Foxy Brown, warned by a New York judge that her next probation offense would be her last, was allowed to remain free yesterday (March 1) after she pleaded guilty to violating probation by leaving New
Foxy Brown, warned by a New York judge that her next probation offense would be her last, was allowed to remain free yesterday (March 1) after she pleaded guilty to violating probation by leaving New York without permission.
Brown was arrested during a fracas at a beauty supply store in Pembroke Pines, Fla., on Feb. 15. Police charged her with resisting an officer and simple battery.
Lawyers for the Department of Probation and the Manhattan district attorney's office urged Manhattan Criminal Court Judge Melissa Jackson to jail the 27-year-old rapper, whose real name is Inga Marchand. Both, in effect, called her incorrigible.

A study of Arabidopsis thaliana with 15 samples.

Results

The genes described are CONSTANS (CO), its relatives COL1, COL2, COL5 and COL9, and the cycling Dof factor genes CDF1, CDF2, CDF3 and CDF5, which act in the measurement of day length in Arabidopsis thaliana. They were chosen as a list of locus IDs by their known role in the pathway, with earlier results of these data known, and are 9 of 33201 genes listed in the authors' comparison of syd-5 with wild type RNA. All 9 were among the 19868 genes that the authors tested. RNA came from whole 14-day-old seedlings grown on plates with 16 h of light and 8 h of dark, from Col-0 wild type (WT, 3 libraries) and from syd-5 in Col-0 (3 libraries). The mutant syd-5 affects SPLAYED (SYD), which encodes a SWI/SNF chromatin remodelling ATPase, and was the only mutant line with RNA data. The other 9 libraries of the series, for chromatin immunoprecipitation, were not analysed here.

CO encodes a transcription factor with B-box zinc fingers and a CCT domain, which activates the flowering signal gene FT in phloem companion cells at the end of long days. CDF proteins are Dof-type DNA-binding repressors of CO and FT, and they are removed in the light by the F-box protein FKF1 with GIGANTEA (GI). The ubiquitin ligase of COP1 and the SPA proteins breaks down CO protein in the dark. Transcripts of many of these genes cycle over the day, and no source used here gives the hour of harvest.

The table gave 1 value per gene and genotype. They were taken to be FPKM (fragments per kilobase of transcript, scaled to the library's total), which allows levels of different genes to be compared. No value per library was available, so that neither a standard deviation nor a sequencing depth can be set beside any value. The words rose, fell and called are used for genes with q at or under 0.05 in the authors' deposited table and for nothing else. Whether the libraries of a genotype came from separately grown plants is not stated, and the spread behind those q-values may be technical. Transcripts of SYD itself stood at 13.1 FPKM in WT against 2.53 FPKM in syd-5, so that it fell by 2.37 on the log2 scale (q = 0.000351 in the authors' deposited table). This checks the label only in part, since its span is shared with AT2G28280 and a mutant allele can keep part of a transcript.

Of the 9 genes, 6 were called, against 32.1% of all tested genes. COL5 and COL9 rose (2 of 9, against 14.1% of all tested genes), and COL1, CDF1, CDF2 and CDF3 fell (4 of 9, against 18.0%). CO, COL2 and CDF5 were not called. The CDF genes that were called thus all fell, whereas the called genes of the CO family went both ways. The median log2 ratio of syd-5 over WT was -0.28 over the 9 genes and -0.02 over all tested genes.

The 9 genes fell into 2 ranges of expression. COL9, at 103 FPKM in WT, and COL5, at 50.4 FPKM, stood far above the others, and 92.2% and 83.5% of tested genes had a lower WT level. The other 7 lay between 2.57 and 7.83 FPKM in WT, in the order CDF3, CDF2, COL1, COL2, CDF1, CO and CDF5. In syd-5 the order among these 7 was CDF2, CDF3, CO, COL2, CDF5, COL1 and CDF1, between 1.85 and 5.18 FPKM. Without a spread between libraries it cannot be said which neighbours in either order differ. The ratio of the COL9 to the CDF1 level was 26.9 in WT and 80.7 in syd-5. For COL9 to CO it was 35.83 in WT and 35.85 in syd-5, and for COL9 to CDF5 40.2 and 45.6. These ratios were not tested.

But Jackson said, "If she pleads guilty to leaving the jurisdiction without permission, I will allow her to continue on probation with the condition that on the next violation, she's getting resentenced."
"I'm going to give her basically what is a third chance," the judge said. "I'm going to give her one more chance -- three strikes and you're out. Basically, I'll be giving the keys to the jailhouse to Ms. Marchand."
"I'm reserving the right to resentence you to jail for a year," Jackson told Brown. "You have the key, but that key will be taken away from you in a flash" if the rapper commits another violation.
Brown, in 3 1/2-inch heels and a tight tan plaid skirt and mauve blouse, smiled broadly and spoke animatedly outside court about the judge's decision. "I believe Judge Jackson believes I'm trying to work hard," Brown said. "She seems to be saying, 'I'm pulling for you, kiddo.' She's seeing the maturity in me and she believes in me. I'm at the rebuilding stage as a person."
Brown was sentenced to three years' probation and anger management classes after a fight with manicurists over payment at a nail salon in Manhattan's Chelsea area in 2004.
On Thursday, the judge told Brown she had to have a counseling session at least once a week for the next year. Jackson told Brown's lawyer, State Sen. John Sampson, "If your client could have impulse control, she'd be fine."